Tuesday, August 25, 2015

The First Day of School

First, here are Ella and Troy's first day of school interviews.

  1. What do you want to be when you grow up? Christian and a doctor, an eye doctor or a regular doctor that checks you
  2. What was your favorite thing you did during the summer? Go to Paraguay, meet new friends, and learn Spanish in Paraguay. You can just say: "Have fun in Paraguay!"
  3. What is your favorite thing to learn about in school? Putting name puzzles together
  4. What is your favorite color? Blue
  5. What is your favorite thing to play? Barbies and my princess dolls, and my Minnies and my baby dolls

  1. What do you want to be when you grow up? Pirate
  2. What was your favorite thing you did during the summer? Work with my tools
  3. What is your favorite thing to learn about in school? Reading lesson
  4. What is your favorite color? Orange
  5. What is your favorite thing to play? Everything in the house

And, I had to include this photo because Luke insisted on posing next to the sign just like Troy. :)

Ella's first day of first grade was very different from her first day of kindergarten. Although I homeschooled Ella last year, we decided to send her to public school for first grade.

We didn't choose to move Ella to public school because we were unhappy with how things were going as we homeschooled her; rather, we chose to move Ella to public school, for the most part, for her to have the experience as a student as well as for us to have the experience as parents. We've said all along that we are open to many different schooling options, and while the reasons we chose to homeschool Ella last year are still reasons we may homeschool her again in the future, it doesn't mean that homeschooling is the only way or that there aren't valid reasons to consider a different schooling option.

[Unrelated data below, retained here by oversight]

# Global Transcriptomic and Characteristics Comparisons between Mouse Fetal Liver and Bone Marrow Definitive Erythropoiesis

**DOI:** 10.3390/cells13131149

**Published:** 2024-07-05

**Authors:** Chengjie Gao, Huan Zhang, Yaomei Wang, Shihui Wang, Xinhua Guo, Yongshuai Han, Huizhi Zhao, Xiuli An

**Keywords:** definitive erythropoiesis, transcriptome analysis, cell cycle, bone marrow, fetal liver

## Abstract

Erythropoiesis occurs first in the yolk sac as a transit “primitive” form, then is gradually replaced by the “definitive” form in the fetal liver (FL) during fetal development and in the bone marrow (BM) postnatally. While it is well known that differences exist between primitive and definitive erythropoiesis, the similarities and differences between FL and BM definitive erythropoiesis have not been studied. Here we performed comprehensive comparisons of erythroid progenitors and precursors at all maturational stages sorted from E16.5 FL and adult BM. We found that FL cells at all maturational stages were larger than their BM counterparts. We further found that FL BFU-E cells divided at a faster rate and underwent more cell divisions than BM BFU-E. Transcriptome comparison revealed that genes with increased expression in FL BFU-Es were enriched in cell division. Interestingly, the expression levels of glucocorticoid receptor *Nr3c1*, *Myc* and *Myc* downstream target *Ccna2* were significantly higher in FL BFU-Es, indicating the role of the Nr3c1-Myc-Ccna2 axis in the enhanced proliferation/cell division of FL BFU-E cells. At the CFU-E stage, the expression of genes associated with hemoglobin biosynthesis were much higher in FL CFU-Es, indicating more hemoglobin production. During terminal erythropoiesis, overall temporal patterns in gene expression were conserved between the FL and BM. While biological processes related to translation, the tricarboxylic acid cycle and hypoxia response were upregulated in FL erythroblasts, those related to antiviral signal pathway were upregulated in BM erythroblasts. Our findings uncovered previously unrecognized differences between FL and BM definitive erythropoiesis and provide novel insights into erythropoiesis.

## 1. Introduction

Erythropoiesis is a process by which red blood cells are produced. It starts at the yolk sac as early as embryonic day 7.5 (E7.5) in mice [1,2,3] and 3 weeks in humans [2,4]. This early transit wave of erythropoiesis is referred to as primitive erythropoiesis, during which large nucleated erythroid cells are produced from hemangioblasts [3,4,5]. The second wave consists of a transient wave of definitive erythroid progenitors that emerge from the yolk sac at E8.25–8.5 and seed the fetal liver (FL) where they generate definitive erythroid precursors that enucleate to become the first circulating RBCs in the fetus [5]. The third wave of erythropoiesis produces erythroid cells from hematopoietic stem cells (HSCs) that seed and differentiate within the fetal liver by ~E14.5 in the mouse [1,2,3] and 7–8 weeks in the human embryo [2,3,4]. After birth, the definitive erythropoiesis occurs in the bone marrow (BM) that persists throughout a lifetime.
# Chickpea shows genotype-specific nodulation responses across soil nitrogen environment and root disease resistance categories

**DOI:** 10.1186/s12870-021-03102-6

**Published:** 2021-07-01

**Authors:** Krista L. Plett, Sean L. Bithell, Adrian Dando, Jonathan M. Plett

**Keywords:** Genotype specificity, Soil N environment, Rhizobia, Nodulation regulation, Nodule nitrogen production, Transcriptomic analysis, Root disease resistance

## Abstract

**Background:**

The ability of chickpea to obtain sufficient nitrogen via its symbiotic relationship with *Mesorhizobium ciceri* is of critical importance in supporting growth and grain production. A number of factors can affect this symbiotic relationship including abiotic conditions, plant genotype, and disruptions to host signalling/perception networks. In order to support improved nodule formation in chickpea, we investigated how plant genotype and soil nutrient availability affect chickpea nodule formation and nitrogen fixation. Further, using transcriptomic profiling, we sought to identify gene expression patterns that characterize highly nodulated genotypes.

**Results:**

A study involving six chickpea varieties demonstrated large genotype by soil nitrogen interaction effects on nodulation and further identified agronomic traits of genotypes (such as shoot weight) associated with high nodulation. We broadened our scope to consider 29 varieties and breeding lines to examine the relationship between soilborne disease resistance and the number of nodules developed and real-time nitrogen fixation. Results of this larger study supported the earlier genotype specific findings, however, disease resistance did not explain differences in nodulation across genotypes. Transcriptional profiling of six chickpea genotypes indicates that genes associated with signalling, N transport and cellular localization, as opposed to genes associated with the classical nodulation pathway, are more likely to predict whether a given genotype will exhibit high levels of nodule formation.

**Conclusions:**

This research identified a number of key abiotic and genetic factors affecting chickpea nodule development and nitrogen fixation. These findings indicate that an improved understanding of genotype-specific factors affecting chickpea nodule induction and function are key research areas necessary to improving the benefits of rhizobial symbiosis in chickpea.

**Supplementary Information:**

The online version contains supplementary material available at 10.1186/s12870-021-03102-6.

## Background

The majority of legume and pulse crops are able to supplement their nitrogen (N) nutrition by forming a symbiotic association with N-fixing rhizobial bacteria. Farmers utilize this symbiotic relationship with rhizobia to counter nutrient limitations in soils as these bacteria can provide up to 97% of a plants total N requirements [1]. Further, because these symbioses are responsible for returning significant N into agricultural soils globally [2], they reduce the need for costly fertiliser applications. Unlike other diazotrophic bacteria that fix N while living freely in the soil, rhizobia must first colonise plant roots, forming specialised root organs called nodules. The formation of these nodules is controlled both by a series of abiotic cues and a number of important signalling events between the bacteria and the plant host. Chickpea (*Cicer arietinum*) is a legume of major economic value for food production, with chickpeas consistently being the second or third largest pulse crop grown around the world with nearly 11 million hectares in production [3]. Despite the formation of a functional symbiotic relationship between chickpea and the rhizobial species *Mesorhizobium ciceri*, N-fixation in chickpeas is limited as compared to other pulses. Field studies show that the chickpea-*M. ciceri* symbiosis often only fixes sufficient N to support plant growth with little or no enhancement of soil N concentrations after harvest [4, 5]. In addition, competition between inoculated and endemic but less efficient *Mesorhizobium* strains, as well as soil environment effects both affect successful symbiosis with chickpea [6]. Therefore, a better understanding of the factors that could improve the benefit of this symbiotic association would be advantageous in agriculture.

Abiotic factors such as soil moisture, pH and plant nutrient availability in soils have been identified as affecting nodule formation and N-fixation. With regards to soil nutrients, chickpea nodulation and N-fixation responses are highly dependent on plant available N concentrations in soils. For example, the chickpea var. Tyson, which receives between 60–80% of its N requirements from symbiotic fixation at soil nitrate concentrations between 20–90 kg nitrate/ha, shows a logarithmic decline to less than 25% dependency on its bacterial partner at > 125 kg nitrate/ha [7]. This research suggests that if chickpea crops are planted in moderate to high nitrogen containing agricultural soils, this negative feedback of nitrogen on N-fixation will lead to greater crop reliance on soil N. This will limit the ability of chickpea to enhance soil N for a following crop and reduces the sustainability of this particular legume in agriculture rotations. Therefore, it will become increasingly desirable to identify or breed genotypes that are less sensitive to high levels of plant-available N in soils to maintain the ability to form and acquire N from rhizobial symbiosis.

I will admit that I have very mixed emotions about Ella's schooling this year. Even though we are only one day into the school year, there are already things that I miss about homeschooling her like choosing her curriculum and knowing exactly what she'll be learning; seeing her excitement when she learns something new; and not having to be out the door at 7:30 in the morning. :) However, there are things that I know I will get to enjoy about her experiences in public school like when she came home yesterday chatting about the new friends she made, or that how her favorite things were exercising and doing name puzzles, or how the fifth graders helped her out during lunch.

I'll be teaching Troy pre-K at home, and we are going to start by focusing on learning to read. I'm excited and thankful for the time that I will have to focus on Troy's learning. I'm also excited for the opportunity for Troy to learn more responsibility without having Ella to rely on. He's never been the oldest child around the house, and this will give him an opportunity for growth (and an opportunity for me to challenge him more as well).



Although it isn't specifically related to my children, I'd like to end with a note of encouragement to all parents, particularly Christian parents, concerning others' choices when it comes to schooling. I'm in several homeschooling groups on Facebook, and those groups have, for the most part, been valuable resources for advice on educating children at home. However, over the past few days there have been numerous discouraging posts regarding those who would choose to educate their children outside the home. And, sadly, I've also heard many discouraging things from those who educate their children outside the home toward those who homeschool. I'm deeply saddened by the pressure and guilt that each side seems to place on the other. I think we all need to be very careful about judging each family's motives and remember that each schooling situation will present unique opportunities and situations (both good and bad) for our families. As Christian parents we ought to be looking at how we can use those opportunities to teach our children more about God and His Word and sharing the good news with others.